Home Depot Inc. keeps trying to turn spring into Christmas.
The world’s largest home-improvement retailer has been attempting to transform the season -- its biggest selling period of the year -- into a promotional event on par with the holiday shopping blitz that preoccupies the rest of the retail world.
Home Depot started borrowing from the Christmas-shopping playbook six years ago when it rolled out “Spring Black Friday,” an homage to the day after Thanksgiving, which is one of the biggest shopping days of the year. Now Home Depot is going even further with its first spring “Cyber Week,” which started Sunday, mimicking the online-shopping promotions it ran following Thanksgiving.
“We had a great response on our traditional Cyber Week events,” said Kevin Hofmann, Home Depot’s president of online operations. “That triggered us to say Thanksgiving time isn’t the only time customers want a deal, so let’s extend it into our peak selling season.”
Black Friday began with discounting on the day after Thanksgiving, but the phrase has become a catch-all for almost any promotion during the holidays and beyond. Last year, so-called Black Friday deals started showing up in October around Halloween.
While critics say the term is overused, Hofmann says Home Depot decided to use the verbiage again this year and follow it with a Cyber Week for one simple business reason: It works. The chain racked up about $500 million in sales during last year’s post-Thanksgiving Black Friday for its biggest sales day ever.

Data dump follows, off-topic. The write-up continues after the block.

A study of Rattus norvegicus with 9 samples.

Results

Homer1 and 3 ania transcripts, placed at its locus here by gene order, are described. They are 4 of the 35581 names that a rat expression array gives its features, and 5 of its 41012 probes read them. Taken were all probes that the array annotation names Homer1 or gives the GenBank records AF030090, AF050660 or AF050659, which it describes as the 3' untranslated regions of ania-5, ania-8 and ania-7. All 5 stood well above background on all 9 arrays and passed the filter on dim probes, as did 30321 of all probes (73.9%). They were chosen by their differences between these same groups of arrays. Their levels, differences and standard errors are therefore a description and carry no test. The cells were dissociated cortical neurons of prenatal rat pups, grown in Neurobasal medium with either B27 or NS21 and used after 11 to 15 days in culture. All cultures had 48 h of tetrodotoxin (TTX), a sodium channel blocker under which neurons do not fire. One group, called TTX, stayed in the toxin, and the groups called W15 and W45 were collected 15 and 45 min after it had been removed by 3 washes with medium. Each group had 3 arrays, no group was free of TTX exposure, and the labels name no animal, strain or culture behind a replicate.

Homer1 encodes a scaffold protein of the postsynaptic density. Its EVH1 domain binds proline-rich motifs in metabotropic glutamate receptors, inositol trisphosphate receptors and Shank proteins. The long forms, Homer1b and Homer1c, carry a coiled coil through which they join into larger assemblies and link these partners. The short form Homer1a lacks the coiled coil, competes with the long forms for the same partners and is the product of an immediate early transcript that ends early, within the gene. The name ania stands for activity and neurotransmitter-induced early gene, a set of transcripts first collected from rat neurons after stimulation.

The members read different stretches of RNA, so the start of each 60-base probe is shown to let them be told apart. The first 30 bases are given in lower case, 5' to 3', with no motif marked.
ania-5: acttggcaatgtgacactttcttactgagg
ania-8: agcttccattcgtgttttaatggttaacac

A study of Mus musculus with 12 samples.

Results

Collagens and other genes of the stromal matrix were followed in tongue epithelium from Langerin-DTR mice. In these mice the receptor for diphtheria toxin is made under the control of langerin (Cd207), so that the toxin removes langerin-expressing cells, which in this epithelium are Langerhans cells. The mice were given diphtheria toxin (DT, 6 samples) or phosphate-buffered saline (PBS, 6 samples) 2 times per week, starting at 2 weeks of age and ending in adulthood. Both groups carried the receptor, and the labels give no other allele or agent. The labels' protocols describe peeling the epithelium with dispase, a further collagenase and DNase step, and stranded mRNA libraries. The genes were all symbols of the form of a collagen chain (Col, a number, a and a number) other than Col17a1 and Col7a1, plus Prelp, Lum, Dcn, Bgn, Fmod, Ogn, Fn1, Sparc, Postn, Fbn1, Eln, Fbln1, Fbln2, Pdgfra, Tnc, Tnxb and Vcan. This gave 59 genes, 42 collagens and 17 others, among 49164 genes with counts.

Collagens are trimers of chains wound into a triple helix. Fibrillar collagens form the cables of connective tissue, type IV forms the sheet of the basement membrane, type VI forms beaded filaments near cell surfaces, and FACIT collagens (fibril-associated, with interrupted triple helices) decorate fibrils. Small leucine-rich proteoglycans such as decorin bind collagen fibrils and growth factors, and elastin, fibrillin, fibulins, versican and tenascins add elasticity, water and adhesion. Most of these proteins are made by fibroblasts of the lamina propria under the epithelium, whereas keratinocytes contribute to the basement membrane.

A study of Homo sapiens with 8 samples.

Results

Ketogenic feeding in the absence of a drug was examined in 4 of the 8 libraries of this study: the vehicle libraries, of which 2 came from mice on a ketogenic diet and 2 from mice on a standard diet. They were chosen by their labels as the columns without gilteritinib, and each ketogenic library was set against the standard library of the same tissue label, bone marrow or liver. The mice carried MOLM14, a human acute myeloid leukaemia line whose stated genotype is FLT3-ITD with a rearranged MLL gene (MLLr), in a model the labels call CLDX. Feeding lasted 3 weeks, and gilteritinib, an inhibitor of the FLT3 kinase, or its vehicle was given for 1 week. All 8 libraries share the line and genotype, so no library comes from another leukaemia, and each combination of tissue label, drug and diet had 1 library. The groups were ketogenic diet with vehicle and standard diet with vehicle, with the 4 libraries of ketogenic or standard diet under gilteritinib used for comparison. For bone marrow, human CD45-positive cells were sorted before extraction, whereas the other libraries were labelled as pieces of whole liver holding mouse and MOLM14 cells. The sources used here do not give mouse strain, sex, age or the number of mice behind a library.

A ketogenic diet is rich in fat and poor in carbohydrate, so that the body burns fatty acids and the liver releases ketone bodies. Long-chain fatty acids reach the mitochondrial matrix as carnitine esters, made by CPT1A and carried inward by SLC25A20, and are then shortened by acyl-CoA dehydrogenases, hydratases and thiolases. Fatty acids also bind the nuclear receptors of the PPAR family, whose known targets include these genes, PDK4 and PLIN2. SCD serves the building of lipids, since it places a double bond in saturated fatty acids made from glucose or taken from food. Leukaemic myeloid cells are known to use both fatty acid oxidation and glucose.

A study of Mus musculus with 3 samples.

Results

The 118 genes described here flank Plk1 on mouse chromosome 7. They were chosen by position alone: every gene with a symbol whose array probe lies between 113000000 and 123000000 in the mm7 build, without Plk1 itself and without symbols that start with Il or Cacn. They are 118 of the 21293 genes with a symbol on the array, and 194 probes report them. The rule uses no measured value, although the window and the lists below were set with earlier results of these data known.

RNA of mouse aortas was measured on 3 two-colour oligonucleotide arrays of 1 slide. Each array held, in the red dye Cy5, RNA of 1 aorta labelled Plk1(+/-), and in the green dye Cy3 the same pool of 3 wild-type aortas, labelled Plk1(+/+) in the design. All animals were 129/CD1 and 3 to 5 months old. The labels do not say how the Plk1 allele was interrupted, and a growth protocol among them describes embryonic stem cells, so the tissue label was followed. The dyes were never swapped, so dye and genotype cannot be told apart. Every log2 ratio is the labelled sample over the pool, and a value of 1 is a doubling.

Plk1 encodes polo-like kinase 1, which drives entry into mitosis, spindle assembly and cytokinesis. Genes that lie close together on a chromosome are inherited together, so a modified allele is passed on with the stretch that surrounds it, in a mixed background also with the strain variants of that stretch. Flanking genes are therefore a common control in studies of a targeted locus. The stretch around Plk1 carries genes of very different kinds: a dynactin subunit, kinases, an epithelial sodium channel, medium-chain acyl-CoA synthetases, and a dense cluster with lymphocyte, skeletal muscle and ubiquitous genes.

“It’s a constant challenge that retailers have of how do you capture the attention of the consumer and which buzzwords resonate versus which buzzwords turn people off,” said Hofmann, who has overseen e-commerce at Home Depot for two years. “There’s probably a debate on whether Black Friday is the right terminology, but it’s been working for us.”
Trying to make a spring online event stick makes sense for Home Depot because it’s becoming more reliant on the Web for growth. While the chain didn’t open any new stores in the U.S. last year, e-commerce sales surged 37 percent to $3.8 billion, accounting for about 5 percent of total revenue.
Home Depot isn’t alone in trying to transport the Black Friday magic. Lowe’s Cos., its biggest competitor, is holding a Spring Black Friday event for the third straight year that includes television ads hyping deals like five bags of mulch for $10. The chain borrows from the holiday-shopping season because there aren’t enough traditional events to lure shoppers, said Connie Bryant, a spokeswoman for Lowe’s.
Even retailers outside of home improvement are trying to make Spring Black Friday a tradition. Department-store chain Bon-Ton Stores Inc. has held one since 2012 and had its most recent one two weeks ago.
Wal-Mart Stores Inc. touted “Black Friday-like prices” last year for a spring savings event in late March that focused on outdoor items like lawnmowers and charcoal grills. The company hasn’t announced a similar event for this year.
Meanwhile, Home Depot stores had 11 days of discounts through Sunday, followed by Cyber Week deals this week. The new promotions include 25 percent off a DeWalt five-tool kit for $299. And there might be more to come.
“We’re going to follow the customer,” Hofmann said. “When the customer quits buying, that’s when we’ll stop running events.”